Located between Berlin, Prague, and Warsaw, and saturated with the history and memory of these three distinct cultures, Wrocław, Poland was the site of The New School’s 21st Annual Democracy & Diversity Summer Institute, offered by the university’s Transregional Center for Democratic Studies (TCDS). This year’s program unfolded around the theme “The World in Crisis—Responses and Illuminations” and considered the newest generation of social movements, the meaning of ‘the event’, the politics of public memory, and the promise and vulnerability of cosmopolitanism. The combination of remarkable students, dedicated New School faculty, challenging curriculum, and the magic of old Wroclaw, getting ready to be the 2016 Cultural Capital of Europe, all contributed to make this a pivotal experience for all involved.
This year’s cohort of young scholars came from The New School as well as from universities in Europe and beyond, representing 14 countries (USA, India, Brazil, Israel, Poland, Iran, Germany, Greece, France, Romania, Slovakia, Russia, Ukraine, and the Czech Republic).
“The Institute provided students with highly professional classes, but at the same time it was a space for critical thinking,” said Oleg, a student from Russia, noting that the Institute boasted an “internal democracy that set it apart from many academic summer schools.”
Consisting of a rigorous program of critical inquiry, this year’s TCDS session featured four seminars conducted by New School faculty Robin Wagner Pacifici, professor of Sociology; Andreas Kalyvas, associate professor of Political Science; Jeffrey Goldfarb, the Michael E. Gellert Professor of Sociology; and Elzbieta Matynia, associate professor of Liberal Studies and Sociology as well as TCDS director.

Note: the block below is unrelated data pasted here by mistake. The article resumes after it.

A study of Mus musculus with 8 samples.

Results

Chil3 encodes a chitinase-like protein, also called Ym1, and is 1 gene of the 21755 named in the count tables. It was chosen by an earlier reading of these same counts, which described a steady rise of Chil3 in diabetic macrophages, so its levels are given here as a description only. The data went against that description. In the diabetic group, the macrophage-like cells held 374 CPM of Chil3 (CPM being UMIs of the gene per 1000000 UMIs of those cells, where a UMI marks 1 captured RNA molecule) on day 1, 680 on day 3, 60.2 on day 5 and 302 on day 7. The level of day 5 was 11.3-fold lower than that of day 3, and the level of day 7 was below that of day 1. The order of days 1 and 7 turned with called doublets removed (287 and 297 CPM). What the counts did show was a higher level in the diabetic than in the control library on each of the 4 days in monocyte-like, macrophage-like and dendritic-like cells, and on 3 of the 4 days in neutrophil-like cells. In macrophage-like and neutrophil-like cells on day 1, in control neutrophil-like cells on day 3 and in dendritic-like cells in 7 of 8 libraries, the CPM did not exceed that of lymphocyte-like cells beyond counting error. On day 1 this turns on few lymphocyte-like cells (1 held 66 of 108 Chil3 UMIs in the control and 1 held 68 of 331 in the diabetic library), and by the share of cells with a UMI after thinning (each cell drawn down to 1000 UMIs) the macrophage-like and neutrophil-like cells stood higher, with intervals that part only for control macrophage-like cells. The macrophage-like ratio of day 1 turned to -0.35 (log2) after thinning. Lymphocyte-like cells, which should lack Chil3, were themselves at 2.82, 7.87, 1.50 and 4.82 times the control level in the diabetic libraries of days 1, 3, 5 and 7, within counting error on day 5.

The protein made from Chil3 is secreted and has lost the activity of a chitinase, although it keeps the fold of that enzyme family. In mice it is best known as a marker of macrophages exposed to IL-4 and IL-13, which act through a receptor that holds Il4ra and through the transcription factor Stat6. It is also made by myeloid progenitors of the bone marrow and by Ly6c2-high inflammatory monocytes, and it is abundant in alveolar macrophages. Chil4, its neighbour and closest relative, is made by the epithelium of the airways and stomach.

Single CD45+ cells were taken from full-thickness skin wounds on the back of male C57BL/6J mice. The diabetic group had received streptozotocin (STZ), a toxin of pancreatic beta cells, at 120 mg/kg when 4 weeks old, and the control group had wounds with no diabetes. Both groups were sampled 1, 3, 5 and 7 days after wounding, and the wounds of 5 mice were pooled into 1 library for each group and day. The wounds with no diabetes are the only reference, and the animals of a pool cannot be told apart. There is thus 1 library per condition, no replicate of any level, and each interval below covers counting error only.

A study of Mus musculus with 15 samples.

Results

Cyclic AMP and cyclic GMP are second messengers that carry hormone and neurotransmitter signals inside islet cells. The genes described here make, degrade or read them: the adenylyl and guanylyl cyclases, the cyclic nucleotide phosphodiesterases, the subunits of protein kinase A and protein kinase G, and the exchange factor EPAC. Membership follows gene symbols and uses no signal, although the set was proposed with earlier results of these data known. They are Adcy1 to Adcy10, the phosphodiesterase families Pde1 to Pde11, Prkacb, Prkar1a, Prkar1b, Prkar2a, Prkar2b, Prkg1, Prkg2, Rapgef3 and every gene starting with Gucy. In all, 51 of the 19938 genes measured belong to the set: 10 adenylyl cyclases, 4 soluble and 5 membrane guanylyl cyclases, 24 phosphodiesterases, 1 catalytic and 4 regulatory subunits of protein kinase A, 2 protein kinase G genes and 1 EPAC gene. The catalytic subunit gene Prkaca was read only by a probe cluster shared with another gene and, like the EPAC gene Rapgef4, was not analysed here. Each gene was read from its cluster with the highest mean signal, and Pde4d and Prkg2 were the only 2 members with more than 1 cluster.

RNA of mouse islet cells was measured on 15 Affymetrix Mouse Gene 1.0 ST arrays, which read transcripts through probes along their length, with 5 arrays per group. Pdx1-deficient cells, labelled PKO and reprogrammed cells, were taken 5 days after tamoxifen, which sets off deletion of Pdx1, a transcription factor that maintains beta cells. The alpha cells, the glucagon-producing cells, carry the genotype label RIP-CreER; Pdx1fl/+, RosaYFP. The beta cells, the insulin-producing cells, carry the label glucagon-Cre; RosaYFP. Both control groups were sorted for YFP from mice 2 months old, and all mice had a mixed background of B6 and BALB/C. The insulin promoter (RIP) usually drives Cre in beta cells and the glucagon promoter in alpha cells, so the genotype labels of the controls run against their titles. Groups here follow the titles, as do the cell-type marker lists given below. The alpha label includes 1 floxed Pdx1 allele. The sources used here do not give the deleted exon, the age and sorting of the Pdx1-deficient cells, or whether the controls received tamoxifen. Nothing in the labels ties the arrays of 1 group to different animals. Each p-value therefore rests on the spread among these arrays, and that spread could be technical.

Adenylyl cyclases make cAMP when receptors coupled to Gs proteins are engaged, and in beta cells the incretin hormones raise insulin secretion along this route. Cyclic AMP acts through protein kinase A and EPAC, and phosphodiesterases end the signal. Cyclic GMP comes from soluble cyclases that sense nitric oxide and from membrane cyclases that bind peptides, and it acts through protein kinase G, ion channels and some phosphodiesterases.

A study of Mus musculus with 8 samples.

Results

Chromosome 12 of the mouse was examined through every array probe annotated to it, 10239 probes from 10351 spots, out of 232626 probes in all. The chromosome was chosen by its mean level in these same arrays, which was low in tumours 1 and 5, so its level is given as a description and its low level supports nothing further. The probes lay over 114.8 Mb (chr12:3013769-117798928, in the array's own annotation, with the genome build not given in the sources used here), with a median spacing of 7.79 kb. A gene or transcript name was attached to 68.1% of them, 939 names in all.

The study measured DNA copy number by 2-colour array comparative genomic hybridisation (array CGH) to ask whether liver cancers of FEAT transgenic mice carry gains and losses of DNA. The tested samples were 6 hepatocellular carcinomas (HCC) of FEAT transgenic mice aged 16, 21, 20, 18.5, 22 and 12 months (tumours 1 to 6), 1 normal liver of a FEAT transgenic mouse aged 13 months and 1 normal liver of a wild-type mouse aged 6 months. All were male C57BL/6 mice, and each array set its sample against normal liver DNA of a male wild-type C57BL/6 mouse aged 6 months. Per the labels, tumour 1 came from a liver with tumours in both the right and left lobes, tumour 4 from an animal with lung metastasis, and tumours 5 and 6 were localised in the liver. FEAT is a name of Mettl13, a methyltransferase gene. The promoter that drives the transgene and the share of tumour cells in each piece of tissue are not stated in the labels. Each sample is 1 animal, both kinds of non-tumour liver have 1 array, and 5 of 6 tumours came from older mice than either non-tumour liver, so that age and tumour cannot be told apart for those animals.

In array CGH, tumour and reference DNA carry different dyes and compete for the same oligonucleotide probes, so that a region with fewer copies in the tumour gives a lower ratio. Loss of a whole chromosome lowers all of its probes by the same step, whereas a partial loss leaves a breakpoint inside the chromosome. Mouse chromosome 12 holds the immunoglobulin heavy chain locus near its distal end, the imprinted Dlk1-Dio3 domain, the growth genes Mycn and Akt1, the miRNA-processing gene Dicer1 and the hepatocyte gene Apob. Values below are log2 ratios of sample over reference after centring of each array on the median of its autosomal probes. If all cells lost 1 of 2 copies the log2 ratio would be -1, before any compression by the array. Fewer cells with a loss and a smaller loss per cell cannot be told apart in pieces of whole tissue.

The program also offered a gender studies workshop run by New School’s Ann Snitow, associate professor of Literature and Gender Studies, as well as evening meetings with global political and cultural experts, study tours, and artistic events. Guests speakers of this year’s Institute included Wanda Nowicka, feminist and the deputy speaker of the Polish Parliament, Lee Feinstein, the American ambassador to Poland, Krzysztof Czyzewski, the artistic director of “Wroclaw Cultural Capital of Europe”, and New School president David Van Zandt.
Crediting the program as a whole with giving her insight to her doctoral work, Polish student Kasia highlighted “contact with professors and students. The multiculturalism ever present in our discussions provoked new ideas and helped me to understand better what is happening now in the world, at the core of the new social movements.”
The Institute was designed and organized by the Transregional Center for Democratic Studies (TCDS) at The New School for Social Research, that conducts cross-departmental programs for research and graduate or advanced undergraduate study, in the quest for a better understanding of the larger world we live in. Students interested in its upcoming January 2013 Institute in Johannesburg, are invited to attend an Open House on September 26 at 7:00 p.m. in the Wolff Conference Room, 6 East 16th Street, room 1103.